Photo by Gabriel Stovall
Riverdale junior Quincy January’s emergence has helped make the Raiders an unexpected player in the Region 4B-AAAA race.
RIVERDALE — Quincy January is quite the gentleman.
His ‘yes sir’ and ‘no sir’ answers to questions would make a mother proud.
The way he looks you in the eye confidently as he speaks would disarm even the toughest father of a high school-aged daughter. His easy-going persona is unmistakable. And by his own admission, he is a guy who makes a lot of friends.
That is until he gets on the basketball court.
“I definitely have a different off-the-court personality,” January said. “I have friends until I get on the court. I don’t fear anybody on the court. No sympathy, no mercy. None of that while I’m playing.”
That’s not entirely true when it comes to the other four guys that step out on the floor with him donning the Riverdale black and silver. For January, those guys are just like close relatives.
“It’s a brotherhood,” January said. “We’re all close. We’re all just like family. Last year, we had our three seniors and everything kind of revolved around them. But this year we’re just kind of taking turns helping keep everybody together.”
Clear cut leadership does exist on this team, however. When asked, January pointed to senior guard Demetrius Johnson as one who “gets us all pumped and focused for each game.”
But the 6-foot-3 junior center is no slouch. Going into Friday’s game against Lovejoy, January is averaging about 19 points and six rebounds a game. Though he won’t mention himself among Riverdale’s leaders, don’t think his presence isn’t being noticed.
“Quincy is really the face of the team,” Raiders coach Tony Brinson said. “The guys really look up to him because of the way he plays hard and plays strong all the time.”
Brinson said he didn’t get a great look at January last season as he was coaching the girls’ team, but he heard enough rave reviews from the previous coaching staff. But there’s nothing like a first-hand view.
“Seeing him play personally, I’ve seen where he’s basically playing the same way they he was last year,” Brinson said. “I saw him in spurts last year. But what’s gotten me is how he’s being more vocal and being more of a leader this year.”
And yes, that vocal leadership does include a little in-game chatter.
“My coach calls me the (Kevin Garnett) of the team,” January said. “I like to try to do a little trash talk out there. Do whatever I can to get in the other team’s head. When I score, I let them know I scored. If I block their shot, I might hand them the ball to make them think about it.”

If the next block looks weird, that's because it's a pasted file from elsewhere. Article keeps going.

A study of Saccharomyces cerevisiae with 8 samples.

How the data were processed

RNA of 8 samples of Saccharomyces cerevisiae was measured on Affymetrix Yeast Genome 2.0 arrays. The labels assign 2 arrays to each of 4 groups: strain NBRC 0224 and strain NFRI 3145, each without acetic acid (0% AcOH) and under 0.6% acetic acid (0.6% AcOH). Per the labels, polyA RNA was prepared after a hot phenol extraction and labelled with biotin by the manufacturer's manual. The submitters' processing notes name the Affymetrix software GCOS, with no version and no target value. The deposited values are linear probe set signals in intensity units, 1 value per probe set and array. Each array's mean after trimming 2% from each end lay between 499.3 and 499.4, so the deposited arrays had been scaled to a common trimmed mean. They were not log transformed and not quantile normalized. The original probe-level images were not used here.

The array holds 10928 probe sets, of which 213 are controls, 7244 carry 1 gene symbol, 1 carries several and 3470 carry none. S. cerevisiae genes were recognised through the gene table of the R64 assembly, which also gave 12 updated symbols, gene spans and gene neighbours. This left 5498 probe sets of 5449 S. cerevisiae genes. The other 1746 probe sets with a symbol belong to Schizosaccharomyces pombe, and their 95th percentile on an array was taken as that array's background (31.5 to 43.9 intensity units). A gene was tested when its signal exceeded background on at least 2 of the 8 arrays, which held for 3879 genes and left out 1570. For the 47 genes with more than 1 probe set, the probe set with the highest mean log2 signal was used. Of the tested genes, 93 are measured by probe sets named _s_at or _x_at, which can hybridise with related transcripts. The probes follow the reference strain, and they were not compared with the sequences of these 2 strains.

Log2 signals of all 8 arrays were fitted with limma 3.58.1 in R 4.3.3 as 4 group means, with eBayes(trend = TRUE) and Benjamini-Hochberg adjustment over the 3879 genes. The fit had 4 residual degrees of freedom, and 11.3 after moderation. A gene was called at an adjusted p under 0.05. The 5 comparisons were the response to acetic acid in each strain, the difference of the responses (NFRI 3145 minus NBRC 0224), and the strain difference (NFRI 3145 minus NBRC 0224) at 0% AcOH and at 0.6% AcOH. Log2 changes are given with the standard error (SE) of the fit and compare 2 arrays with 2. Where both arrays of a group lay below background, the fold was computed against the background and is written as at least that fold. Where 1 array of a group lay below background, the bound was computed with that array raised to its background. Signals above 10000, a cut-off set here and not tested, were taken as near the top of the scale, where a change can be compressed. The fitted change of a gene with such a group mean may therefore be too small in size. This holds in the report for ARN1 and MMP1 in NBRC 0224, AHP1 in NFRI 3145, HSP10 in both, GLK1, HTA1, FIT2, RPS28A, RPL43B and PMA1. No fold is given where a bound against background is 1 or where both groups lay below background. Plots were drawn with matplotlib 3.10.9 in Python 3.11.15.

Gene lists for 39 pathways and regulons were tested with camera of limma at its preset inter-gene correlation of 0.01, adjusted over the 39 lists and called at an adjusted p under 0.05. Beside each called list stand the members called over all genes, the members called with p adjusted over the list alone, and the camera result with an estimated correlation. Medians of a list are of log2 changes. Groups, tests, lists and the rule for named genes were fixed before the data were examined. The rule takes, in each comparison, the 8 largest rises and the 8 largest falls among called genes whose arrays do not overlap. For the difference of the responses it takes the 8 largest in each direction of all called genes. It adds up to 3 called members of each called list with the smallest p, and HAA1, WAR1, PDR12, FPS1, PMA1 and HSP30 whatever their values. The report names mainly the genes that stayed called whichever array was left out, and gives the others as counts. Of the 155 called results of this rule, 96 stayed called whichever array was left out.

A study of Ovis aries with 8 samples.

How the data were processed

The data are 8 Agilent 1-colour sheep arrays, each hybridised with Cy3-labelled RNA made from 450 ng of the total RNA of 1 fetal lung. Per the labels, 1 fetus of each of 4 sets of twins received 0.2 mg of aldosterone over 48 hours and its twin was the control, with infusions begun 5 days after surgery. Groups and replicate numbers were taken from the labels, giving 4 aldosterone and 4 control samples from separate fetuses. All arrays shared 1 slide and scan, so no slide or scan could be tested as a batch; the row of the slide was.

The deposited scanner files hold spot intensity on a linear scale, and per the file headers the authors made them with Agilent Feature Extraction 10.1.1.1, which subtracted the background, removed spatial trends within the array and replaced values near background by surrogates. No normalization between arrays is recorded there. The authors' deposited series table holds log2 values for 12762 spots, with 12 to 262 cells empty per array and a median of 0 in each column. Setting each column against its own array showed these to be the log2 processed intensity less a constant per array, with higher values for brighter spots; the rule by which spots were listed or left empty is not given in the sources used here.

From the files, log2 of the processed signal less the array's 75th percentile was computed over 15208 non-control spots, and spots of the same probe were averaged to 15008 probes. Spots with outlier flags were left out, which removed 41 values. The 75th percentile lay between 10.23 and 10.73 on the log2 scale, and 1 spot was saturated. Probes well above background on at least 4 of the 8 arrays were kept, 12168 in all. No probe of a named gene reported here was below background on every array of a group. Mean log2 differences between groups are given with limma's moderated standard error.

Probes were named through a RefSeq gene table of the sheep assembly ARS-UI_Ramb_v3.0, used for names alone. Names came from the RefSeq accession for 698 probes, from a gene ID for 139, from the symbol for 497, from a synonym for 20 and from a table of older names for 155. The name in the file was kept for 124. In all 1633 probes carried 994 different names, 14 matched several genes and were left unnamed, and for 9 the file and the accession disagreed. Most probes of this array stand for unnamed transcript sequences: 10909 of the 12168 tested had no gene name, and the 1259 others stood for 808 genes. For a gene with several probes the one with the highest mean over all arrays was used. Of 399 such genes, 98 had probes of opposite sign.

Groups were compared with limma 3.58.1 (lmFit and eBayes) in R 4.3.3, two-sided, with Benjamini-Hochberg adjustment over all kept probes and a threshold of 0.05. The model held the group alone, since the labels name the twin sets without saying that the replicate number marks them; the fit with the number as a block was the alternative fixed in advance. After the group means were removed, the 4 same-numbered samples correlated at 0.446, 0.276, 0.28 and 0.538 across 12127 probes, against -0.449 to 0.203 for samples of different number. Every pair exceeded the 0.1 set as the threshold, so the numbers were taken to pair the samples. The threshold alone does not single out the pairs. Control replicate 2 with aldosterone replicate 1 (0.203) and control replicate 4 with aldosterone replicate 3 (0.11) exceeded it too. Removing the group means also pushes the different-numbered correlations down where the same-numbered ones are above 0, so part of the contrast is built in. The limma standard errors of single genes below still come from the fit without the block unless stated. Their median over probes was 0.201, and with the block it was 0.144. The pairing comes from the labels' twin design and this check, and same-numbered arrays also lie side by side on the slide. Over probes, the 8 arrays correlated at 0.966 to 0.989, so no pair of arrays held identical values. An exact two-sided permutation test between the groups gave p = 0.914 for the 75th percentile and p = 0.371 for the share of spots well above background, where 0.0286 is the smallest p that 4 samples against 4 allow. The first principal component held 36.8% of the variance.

But it’s all in fun, January said.
“I dap them up at the end of the game,” he said.
January’s out loud play has been the impetus for the Raiders marked improvement this season. Riverdale is 12-9 and 8-4 in Region 4-AAAA, Div. B, which is three games behind subdivision leading Jonesboro. The Raiders lost 54-48 to the Cardinals last Friday after being down by as many as 17 earlier on.
January’s game-high 17 points, including several clutch buckets, rebounds and blocked shots down the stretch, was key in the late surge.
It’s also a sign of Riverdale’s resiliency.
With a senior laden group, Riverdale was 10-8 this time last season, and very much on the outside looking in of the region race. With a new coach and a young squad, call it conventional wisdom to believe that this season would be even tougher.
It is that resiliency mixed with January’s confidence that has caused some to be shocked by the success of this youthful Riverdale squad.
“We’re very good this year, but we’ve still got a lot of room to improve,” Brinson said. “We’ve played better than many people expected. We’re right now one of the better teams in our subregion. If we stay focused, we’ll be ready to make a good tug at the region down the stretch.”
The good thing — or the scary thing, depending on who you are — is that January may have the most upside among this potential filled team.
“As good as he is, there’s more for him to get better at,” Brinson said. “With his size, he’ll probably be a small forward at the next level. He’ll have to improve his ball handling and footwork. But he jumps so well I can see him playing major college ball somewhere.”
January’s rise is causing other coaches to take notice and game plan around him. But he insists that he’ll keep a level head, regardless of how high his abilities take him.
Thanks to the mentorship of his cousin John Griffin — an NFL running back with the New York Jets — he has a better understanding of what it takes to be a winner.
“He tells me to always be humble,” January said. “I see his example of working hard and it helps motivate me to do the same,” January said. “Athleticism is the strength of my game, but my mental approach to the game changed from last year to this year, and that’s been the difference. I know now that it takes a team, not a selfish player, to win championships.”